Diana Shpungin is a Latvian-born American multi-disciplinary artist who has been exhibited extensively in solo and group exhibitions in both national and international venues, including: Bronx Museum of Art, Bronx, NY: Brooklyn Museum of Art, Brooklyn, NY; Children’s Museum of Art, New York, NY; Invisible Exports, New York, NY; Marc Straus Gallery, New York, NY; New Discretions, New York, NY; Sculpture Center, Long Island City, NY; Smack Mellon, Brooklyn, NY; Aldrich Contemporary Art Museum, Ridgefield, CT; Bass Museum of Art, Miami, FL; Franconia Sculpture Park, Minneapolis, MN; Locust Projects, Miami, FL; MASS MoCA, North Adams, MA; Museum of Contemporary Art, Miami, FL; Museum of Contemporary Art, Tucson, AZ; SiTE:LAB, Grand Rapids, MI; Carrousel du Louvre, Paris, France; Fieldgate Gallery, London, England; Futura Center for Contemporary Art, Prague, Czech Republic; Galerie Zurcher, Paris, France; and Tomio Koyama Gallery, Tokyo, Japan, in addition to being included in numerous public and private collections in the United States and abroad.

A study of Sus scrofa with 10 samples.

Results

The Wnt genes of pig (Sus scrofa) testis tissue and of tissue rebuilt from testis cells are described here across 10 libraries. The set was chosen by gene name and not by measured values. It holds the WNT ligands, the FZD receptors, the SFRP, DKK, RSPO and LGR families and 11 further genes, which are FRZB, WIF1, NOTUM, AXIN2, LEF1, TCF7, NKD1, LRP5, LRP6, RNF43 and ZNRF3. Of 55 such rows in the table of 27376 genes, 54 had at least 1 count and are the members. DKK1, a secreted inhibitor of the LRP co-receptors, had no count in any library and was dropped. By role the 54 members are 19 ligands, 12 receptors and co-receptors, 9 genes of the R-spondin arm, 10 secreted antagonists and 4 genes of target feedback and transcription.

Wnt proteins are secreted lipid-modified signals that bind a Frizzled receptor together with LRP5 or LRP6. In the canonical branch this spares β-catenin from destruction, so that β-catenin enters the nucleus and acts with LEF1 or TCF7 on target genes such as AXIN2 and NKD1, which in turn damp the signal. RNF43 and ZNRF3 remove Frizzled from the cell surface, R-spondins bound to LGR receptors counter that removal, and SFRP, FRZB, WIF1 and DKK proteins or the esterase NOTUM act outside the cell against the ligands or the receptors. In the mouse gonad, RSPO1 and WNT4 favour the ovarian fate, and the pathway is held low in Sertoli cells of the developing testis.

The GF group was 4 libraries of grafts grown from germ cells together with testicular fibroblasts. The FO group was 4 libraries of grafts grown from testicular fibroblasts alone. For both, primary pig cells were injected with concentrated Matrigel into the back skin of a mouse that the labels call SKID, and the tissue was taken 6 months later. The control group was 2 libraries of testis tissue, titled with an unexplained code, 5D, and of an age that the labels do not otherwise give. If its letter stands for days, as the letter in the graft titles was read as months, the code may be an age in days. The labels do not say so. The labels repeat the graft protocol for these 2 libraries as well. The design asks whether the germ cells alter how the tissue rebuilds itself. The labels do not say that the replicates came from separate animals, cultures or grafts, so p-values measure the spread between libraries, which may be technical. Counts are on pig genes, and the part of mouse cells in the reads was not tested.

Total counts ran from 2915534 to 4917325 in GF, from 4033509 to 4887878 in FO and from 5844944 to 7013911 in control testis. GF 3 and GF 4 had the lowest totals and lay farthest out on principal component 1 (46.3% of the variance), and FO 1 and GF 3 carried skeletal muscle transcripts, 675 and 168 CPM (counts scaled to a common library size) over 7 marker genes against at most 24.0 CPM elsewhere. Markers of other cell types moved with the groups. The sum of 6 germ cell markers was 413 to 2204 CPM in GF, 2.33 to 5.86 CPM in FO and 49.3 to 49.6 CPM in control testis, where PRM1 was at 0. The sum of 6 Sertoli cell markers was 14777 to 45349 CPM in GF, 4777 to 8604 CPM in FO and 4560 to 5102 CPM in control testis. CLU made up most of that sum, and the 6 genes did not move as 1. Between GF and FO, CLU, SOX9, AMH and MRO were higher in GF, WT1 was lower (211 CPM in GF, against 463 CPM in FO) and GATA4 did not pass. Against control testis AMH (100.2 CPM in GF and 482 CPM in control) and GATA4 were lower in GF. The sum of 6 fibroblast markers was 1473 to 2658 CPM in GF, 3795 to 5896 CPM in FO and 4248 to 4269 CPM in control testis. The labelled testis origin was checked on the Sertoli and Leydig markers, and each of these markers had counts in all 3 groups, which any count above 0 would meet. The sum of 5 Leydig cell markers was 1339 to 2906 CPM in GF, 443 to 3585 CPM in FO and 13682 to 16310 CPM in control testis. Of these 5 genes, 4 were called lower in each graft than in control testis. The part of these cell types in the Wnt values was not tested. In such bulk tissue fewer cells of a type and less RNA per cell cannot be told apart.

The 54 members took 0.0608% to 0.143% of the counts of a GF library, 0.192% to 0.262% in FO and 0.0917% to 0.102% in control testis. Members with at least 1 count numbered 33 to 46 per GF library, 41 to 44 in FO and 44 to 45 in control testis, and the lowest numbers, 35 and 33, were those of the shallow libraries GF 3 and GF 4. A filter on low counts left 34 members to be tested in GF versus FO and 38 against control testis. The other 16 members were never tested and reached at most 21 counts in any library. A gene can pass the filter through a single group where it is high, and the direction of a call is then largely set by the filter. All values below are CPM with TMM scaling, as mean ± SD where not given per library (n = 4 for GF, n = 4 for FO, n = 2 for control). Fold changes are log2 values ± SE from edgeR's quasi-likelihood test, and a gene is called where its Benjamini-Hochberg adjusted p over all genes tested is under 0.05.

Shpungin was awarded the Pollock Krasner Foundation Grant (2019/2020), the New York Foundation for the Arts Fellowship in Sculpture (2017), and several grants from the Foundation for Contemporary Arts (2015, 2020, 2022). She is also the recipient of fellowships and residencies from Art Omi, Bau Institute at Camargo Foundation, Bronx Museum AIM Program, CEC Artslink, Dieu Donne, Lower Manhattan Cultural Council, MacDowell Residency, Montello Foundation and Yaddo.
Shpungin’s work has been reviewed in publications such as Artforum, Art in America, Art Papers, Bloomberg, The Boston Globe, The Brooklyn Rail, Connaissance des Arts, Flash Art, Hyperallergic, Le Monde, New York Magazine, The New York Times, The Miami Herald, Time Out London, Time Out New York, Sculpture Magazine, Whitehot Magazine, and Zing Magazine among others. Her work was the subject of PBS’s Art Assignment, Object Empathy and was cited in the introduction of Jerry Saltz’s book Seeing Out Louder. A hardcover book was published in 2016 documenting Shpungin’s monumental project, Drawing Of A House (Triptych), with essays by Paul Amenta and Caryn Coleman, an exhibition catalog supporting Shpungin’s solo exhibition Bright Light/Darkest Shadow, a decade of hand-drawn animation at MOCA Tucson, was published in 2021 with essays by Lisa D. Freiman, Richard Klein, Matthea Harvey and Ginger Shulick-Porcella, and most recently in 2022 a publication documenting Shpungin’s monumental solo exhibition, Always Begin At The End at Smack Mellon with contributions by Gabriel de Guzman, Darla Migan, and Rachel Vera Steinberg.
Born in Latvia’s seaside capital of Riga under Soviet rule, Shpungin emigrated as a child to the United States. She received her MFA from the School of Visual Arts, New York, NY and has been a part-time Assistant Professor at Parsons: The New School for Design in New York City for over a decade.